Aug. 14, 2017—“If you go to any new car lot or any rental car facility,” Dave Hobbs says, “chances are you’re going to be stumbling all over the telltale signs of radars in cars, which will be the little icons you can see in rearview mirrors, lane departure warning, lane keep assist, adaptive cruise control, collision avoidance, autonomous and semi-autonomous … ”
If you don’t stop Hobbs there, he’ll keep going. As a field instructor and program developer for Delphi Product & Service Solutions, this lifelong technician is constantly out in the field, tirelessly warning shop owners, technicians and service advisors everywhere that if they don’t understand these systems, they’re not just going to lose customers to dealerships and progressive shops—they’re going to put drivers in danger.
In July, Bosch told Reuters it has seen a surge in demand for radar systems and video sensors as automakers race to add advanced driver-assistance systems (ADAS) features and automated functions to cars. The company said it expected sales of radar systems to leap by 60 percent and of video sensors by 80 percent this year. So falling behind is not an option.
Hobbs presented on ADAS training at the Automotive Service Association’s inaugural Connected CARS training event in May 2017. He spoke with Ratchet+Wrench about why understanding these systems is more important than ever, and how shops can properly educate customers on the technology.
Why is it important for independent repair shops to understand ADAS?
Radars in bumper covers, smart cameras in the windshield, standard cameras for back-up systems, composite video signals—those types of technology have been out there since the 1990s and they are starting to fail. All of that stuff from the past is now becoming smarter with all the radar technologies.
It’s all gotten much better about lowering the injury potential for the driver, by getting all the airbags ready, pulling the brake pedal out of the way prior to the collision, etc. We don’t just have a bunch of radars, LiDARs and cameras doing their own thing. They're all reporting into the central collision avoidance module. And that module makes the decision to apply the brakes, activate the airbags. That’s where the market is heading. You’ll see a lot more cars with this technology.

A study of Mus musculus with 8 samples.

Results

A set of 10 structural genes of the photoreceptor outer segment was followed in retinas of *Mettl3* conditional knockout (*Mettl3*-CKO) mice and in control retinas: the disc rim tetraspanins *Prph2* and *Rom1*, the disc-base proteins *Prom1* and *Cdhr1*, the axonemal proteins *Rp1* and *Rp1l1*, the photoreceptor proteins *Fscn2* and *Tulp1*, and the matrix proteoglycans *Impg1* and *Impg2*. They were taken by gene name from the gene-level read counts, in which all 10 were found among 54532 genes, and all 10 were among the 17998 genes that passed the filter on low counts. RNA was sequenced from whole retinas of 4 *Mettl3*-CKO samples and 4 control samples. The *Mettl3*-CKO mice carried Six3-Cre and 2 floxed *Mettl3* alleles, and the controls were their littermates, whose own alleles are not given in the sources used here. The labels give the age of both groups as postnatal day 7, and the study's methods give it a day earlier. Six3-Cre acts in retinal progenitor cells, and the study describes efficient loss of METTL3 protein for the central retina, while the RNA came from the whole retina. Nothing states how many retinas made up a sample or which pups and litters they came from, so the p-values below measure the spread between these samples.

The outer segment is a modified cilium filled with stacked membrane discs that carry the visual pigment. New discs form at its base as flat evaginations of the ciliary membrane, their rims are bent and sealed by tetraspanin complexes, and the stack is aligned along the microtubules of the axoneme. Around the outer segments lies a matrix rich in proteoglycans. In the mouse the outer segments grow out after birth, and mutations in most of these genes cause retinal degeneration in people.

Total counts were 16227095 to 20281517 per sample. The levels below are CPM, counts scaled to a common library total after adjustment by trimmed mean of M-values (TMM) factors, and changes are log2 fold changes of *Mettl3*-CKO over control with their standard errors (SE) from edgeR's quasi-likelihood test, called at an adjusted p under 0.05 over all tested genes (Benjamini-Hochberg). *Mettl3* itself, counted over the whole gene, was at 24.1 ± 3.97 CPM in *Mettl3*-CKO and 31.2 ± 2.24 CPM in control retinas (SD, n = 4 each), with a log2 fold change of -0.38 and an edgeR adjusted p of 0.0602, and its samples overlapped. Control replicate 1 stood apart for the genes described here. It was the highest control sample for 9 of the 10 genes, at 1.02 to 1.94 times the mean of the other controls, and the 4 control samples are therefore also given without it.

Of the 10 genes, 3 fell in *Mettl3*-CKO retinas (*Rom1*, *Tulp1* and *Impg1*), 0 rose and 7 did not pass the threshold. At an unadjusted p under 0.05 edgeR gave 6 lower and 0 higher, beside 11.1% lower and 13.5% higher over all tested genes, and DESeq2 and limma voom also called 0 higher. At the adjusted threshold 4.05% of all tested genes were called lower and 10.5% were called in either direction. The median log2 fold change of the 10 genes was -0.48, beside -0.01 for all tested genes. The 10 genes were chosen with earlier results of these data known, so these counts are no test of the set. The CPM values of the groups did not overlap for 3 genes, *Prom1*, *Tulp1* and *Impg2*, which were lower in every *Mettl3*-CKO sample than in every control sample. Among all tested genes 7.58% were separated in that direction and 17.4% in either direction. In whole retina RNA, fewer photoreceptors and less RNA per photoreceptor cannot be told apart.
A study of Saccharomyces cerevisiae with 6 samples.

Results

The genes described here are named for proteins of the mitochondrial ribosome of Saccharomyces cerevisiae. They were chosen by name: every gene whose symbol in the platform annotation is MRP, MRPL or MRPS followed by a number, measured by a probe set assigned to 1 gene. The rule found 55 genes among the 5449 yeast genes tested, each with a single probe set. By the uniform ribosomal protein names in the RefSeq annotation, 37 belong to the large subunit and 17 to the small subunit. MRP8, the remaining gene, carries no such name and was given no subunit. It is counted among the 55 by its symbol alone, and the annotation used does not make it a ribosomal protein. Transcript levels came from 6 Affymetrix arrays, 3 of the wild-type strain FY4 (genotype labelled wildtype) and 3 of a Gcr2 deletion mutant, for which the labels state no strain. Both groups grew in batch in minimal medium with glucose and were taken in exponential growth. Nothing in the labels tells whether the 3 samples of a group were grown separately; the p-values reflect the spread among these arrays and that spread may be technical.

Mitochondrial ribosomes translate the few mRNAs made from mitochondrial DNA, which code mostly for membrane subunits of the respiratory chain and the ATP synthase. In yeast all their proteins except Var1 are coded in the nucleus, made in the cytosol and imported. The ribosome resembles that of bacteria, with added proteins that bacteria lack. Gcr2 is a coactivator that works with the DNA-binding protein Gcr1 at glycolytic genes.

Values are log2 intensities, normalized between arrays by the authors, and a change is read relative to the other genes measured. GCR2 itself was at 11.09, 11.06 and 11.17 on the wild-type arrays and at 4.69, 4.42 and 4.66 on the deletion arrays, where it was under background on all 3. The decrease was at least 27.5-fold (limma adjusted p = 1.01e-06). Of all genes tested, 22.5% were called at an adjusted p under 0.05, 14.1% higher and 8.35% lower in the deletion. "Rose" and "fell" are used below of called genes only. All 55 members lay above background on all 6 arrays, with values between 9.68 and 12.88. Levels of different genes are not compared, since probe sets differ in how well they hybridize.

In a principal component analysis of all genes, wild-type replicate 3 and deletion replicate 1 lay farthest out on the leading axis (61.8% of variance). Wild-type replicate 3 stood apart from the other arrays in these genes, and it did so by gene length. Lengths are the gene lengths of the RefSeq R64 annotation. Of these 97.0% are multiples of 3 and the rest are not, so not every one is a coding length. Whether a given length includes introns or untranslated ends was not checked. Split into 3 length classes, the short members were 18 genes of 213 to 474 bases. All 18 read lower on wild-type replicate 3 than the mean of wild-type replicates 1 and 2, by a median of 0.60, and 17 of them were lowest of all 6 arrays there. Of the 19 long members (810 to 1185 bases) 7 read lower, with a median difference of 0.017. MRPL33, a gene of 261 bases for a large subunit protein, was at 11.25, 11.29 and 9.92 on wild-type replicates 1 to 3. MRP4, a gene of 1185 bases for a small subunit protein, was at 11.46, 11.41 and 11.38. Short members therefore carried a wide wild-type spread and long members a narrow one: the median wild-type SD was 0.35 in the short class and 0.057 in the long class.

What percentage of cars have these systems nowadays?
I don’t have any industry specs on that. From personal experience, on 2017 cars and newer, I’d say at least 15 percent, if not more. With the insurance benefits we’ll see, government-driven safety policies, and the increased marketing we’ve already seen on television from Kia, Mazda, Chevrolet—the market is going to grow immensely very soon.
How do technicians get the proper training for these advancements?
You can find lists of classes at conferences, but really, only the bigger conferences have the cutting-edge stuff. For the independent aftermarket, the programs have not really taken off for automated driver-assist systems, especially for live training. Delphi has classes, but we’re in the minority, mainly because we’re one of the companies building this stuff.
I hope this doesn’t catch the industry by surprise, because then they’re ill equipped and undertrained. This is what happened with programming. Shops would say, “Gee, I don’t know what to do! I’m not one of the 10 percent of repair shops that does reflashing, so I guess this job will go to the dealer.”
What about service advisors? Do they need training? And do they need to be educating customers on this technology?
In our classes, we emphasize that the service advisor’s job is not just sales and people skills. How can you sell furniture if you don’t know the difference in flooring? The difference in textures? Or know about the build of a La-Z-Boy’s hardware? You can’t.
As a service advisor, you can’t be in over your head and call the technician up to the front to explain to the customer every time. The advisor has to bone up and take an ADAS class about the high-tech stuff. Even though you won’t understand every bit of the technical side of it like a technician would, you’ve got to know the technology to a level where they can explain it to the customer.
How do you see the process working for shops that are regularly monitoring ADAS systems?
I saw a story about police cracking down on these autonomous cars. Some people sit in the passenger seat and nobody is driving the car; no one is there to take the car should the system fail. Police are seeing the potential for this being a bigger problem than texting while driving.
So, as we see the culture change and people start adapting to and abusing the system, we’ll see the service advisors and techs involved. Any time the vehicle comes in because there’s a light that comes on and says the adaptive cruise control isn't working, consumer education needs to be applied by the service advisor. The service advisor needs to be savvy and give good information to then relay that on the RO for the technician. The teamwork between the advisor and the tech has to be cutting edge on these systems, or we’re going to be going down all kinds of false trails of diagnosis.